Where are they now?

 

Since our patron, Elizabeth Reid, became the first Women’s Adviser ever appointed by a Prime Minister in 1973, there have been literally thousands of women employed as staffers of ALP parliamentarians and party offices.

 

In our ‘Where are they now?’ series, now you can learn what some of these fabulous women have gone on to do in their professional (and personal) lives.

Jamila Rizvi

When did you first work for the ALP and what was your role?

I was eighteen years old and employed two days a week in the office of local ACT MLA Mary Porter. I remember being incredibly nervous on my first day and drinking lots of water because my mouth was really dry. That meant multiple requests to leave the office and go to the bathroom during my initial three hours of employment which must have seemed a little odd.

It was there that I met the incomparable Alys Graham (now Gagnon) who taught me how to properly lay out constituent correspondence and make the most efficient mobile office volunteer spreadsheets. I remain, ever in her debt. Alys became one of my dearest friends. I was emcee at her wedding and we’ve worked together in and out of politics since.

 

What did you go onto do after that?

I worked in political offices throughout university, first casually and then in 2008 I joined Kevin Rudd’s staff full time. It was a wild ride going from fourth year law student who usually rolled out of bed at 10.00am to the Prime Minister’s Office. I learned more about the world of work and politics in the year that followed than I have at any other time in my career. Often, the hard way.

 

Next I moved to Kate Ellis’ ministerial office, where I properly found my feet and started to feel more confident as a staffer. It was there that I realised my talents were better suited to media than policy, mostly because I am a natural communicator and terrible with detail. Then in 2012 I decided it was time to try working outside of politics for the first time as an adult and took a chance on the editor’s gig at a little start-up called Mamamia.

What did you find most rewarding career-wise about working for the ALP?

My work remains very much connected to politics. I enjoy providing political commentary on television, radio and for the newspapers. Sometimes I flatter myself that the commentary is influential from time to time; perhaps helping a handful of readers figure out how they think or feel about an issue. That influence, however, is piddling compared to the time I spent advising Labor in government.

The single most rewarding part of being a Labor adviser was the work we got to do; the policy we had implemented that had a real impact on people’s lives. Whether it was money for major infrastructure projects like the Adelaide Oval upgrade, or improvements to the educational quality and safety of childcare centres, I got to play a – admittedly very small - part in hugely important reforms. I also made some truly excellent friends along the way.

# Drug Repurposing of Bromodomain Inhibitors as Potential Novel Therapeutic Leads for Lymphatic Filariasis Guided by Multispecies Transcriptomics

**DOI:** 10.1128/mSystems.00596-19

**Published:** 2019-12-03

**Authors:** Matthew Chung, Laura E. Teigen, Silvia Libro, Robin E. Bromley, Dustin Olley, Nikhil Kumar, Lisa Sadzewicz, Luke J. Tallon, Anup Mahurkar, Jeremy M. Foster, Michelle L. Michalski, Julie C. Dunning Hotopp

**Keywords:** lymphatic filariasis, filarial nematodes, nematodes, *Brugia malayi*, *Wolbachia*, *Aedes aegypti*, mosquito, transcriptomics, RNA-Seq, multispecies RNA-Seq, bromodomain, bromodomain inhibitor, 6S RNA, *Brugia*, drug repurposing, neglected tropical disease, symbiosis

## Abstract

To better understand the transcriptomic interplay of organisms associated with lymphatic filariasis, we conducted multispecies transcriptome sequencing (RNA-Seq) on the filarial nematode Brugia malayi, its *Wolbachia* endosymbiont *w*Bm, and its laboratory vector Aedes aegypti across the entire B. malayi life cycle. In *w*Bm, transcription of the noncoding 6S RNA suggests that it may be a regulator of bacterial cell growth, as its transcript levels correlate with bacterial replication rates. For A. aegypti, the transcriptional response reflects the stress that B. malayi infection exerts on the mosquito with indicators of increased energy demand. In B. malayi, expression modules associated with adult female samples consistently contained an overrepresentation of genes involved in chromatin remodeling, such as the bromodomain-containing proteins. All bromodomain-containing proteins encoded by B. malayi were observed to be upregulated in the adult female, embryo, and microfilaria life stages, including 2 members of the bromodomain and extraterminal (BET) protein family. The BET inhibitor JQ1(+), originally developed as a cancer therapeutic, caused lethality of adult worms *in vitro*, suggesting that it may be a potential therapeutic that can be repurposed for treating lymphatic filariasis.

What is a highlight of your time as a staffer?

There are lots of exciting, glitzy moments that stand out. Meeting US President Barack Obama when he came to Australia, visiting Zurich with Minister Ellis to launch Australia’s failed World Cup bid, and entertaining countless very cool people while they waited in the Prime Minister’s reception. They’re the stories that you get to dine out on for the rest of your life.

 

But the more meaningful highlight was the people I worked for and with. I remain friends with so many fellow staffers, and also MPs and senators from my years working for the federal government. I’m old enough now that I am watching some of those fellow staffers become MPs and senators too. It’s both exciting and affirming to see these smart, capable and visionary people I knew as twenty-somethings become members of parliament.

What are you doing now?

I have a portfolio career, which means I’m doing a whole bunch of fun stuff while avoiding a grown-up job. I’m Chief Creative Officer at the Nine Network’s Future Women, where I host podcasts, write columns, interview fascinating people and generally run the creative side of the show. I’m also co-hosting a new daily news podcast called The Briefing and writing books for Penguin and Puffin. In between those things I have a 5-year-old and a bunch of charity projects and ambassadorships that keep me busy.

What advice would you give to staffers today?

Drink it all in. While there are a handful of lifetime staffers about (and I tip my hat to them), most of us can only do the job for a limited period of time. Whether that’s 12 months or 12 years make sure you keep your ears and eyes open, and always be learning. Being a staffer requires you to be quick, clever, empathetic, energetic, strategic and ceaselessly optimistic. Each of those are skills that will stand you in good stead in life, not just in work. Keep being better every day, and enjoy it.